Quadratic Equations

Quadratic Equations

This Math quiz is called 'Quadratic Equations' and it has been written by teachers to help you if you are studying the subject at high school. Playing educational quizzes is a user-friendly way to learn if you are in the 9th or 10th grade - aged 14 to 16.


Quadratics are the first in a series of functions called POLYNOMIALS. They all have decreasing powers of x, where the power is always a whole number. The graphs of polynomials are all curves. The curve of a quadratic can be described as U-shaped (or ∩-shaped for negative x2), which means its gradient is always changing. Compare this to the straight line graph, which has a fixed gradient.

You should be able to carry out a few different techniques with quadratic expressions. Factorizing a quadratic is the first step to solving quadratic equations, but remember not all quadratics will factorize! The ‘perfect square’ and the ‘difference of two squares’ are two special cases, and you should learn how to recognize them.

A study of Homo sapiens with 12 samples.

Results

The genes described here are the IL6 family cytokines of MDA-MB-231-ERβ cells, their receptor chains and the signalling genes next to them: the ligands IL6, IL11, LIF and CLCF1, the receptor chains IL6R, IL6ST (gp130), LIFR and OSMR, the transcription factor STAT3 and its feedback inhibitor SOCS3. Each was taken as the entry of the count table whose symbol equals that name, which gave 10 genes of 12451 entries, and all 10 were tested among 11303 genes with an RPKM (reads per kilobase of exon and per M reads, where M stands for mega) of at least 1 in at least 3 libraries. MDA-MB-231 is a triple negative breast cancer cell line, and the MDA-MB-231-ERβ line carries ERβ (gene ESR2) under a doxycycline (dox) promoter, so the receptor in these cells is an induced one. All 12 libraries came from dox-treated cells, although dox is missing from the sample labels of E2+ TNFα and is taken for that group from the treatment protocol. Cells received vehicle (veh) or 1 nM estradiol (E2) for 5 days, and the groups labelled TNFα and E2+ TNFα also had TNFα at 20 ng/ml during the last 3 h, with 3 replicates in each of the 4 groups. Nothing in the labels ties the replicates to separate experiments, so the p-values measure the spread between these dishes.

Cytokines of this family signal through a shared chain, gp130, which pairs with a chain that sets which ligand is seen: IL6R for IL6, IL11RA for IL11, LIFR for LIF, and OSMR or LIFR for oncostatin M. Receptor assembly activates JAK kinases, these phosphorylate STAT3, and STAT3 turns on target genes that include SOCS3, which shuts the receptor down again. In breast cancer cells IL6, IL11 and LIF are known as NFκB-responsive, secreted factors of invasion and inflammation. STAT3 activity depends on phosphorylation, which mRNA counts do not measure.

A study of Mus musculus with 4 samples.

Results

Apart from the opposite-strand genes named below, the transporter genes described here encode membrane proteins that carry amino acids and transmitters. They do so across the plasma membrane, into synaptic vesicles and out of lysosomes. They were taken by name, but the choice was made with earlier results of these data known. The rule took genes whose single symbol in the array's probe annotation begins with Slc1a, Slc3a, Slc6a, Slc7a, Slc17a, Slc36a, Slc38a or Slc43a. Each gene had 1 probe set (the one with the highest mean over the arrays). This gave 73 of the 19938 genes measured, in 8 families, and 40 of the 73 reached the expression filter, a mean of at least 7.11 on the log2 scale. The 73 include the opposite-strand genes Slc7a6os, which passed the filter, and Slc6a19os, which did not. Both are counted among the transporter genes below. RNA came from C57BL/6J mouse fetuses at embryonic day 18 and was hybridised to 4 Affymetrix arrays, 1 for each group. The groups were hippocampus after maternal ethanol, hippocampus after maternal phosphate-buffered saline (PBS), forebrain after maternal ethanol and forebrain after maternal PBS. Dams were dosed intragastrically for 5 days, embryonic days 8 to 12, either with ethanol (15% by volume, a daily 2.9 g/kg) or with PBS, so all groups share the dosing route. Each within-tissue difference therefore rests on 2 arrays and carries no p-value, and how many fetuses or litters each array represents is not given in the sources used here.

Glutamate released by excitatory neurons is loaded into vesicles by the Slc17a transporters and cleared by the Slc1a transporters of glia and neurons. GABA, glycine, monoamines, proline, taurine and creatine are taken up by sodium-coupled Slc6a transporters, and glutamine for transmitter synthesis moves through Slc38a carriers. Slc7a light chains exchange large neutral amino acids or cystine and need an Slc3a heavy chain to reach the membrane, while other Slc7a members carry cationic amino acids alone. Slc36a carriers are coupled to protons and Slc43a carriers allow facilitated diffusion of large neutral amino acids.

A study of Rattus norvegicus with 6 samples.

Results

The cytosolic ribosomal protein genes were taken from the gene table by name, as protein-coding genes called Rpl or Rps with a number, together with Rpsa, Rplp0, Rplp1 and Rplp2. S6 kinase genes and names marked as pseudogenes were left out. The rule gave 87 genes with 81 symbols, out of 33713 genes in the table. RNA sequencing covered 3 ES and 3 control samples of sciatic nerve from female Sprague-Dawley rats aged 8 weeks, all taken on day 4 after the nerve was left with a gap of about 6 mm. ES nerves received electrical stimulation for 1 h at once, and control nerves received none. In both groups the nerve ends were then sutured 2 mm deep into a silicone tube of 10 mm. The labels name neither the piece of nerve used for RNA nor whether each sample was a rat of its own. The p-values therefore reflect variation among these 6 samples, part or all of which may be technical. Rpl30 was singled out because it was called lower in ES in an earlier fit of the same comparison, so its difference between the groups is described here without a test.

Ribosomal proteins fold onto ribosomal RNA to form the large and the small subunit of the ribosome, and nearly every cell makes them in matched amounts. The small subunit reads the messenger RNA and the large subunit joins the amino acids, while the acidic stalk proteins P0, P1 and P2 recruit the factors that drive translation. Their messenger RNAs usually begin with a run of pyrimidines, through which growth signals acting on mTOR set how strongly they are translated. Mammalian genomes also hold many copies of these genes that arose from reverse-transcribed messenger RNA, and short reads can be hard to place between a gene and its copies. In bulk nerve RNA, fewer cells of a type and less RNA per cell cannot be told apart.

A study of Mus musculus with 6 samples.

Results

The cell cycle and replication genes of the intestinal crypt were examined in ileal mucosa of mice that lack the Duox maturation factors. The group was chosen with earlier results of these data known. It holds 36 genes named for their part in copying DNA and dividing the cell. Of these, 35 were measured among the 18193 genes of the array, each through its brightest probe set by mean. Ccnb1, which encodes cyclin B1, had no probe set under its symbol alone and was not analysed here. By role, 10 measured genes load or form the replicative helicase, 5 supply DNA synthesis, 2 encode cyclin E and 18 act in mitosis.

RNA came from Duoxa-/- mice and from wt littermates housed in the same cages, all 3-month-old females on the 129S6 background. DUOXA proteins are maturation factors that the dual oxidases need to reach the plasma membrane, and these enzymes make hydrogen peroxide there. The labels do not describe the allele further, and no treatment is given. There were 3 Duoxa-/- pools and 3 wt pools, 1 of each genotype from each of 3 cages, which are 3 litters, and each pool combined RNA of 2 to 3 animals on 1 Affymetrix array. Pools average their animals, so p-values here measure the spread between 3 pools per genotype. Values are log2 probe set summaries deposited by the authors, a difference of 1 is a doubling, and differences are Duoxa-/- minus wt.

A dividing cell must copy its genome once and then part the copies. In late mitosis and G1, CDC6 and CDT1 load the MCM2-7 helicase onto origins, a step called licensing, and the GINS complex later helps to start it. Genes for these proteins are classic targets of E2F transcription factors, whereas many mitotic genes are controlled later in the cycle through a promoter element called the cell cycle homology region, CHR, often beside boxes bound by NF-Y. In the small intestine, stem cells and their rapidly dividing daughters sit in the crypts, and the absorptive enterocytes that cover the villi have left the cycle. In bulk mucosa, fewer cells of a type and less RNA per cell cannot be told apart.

The roots of a quadratic curve, which is where it crosses the x-axis, correspond to the solutions of the quadratic equation.

Completing the square will allow you to identify the coordinates of the turning point. You can complete the square on any quadratic expression, even if it doesn’t cross the x-axis.

For quadratics that look a bit tricky, use the quadratic formula. The discriminant will give you an indication of the nature of any roots, which will tell you if a solution exists or not.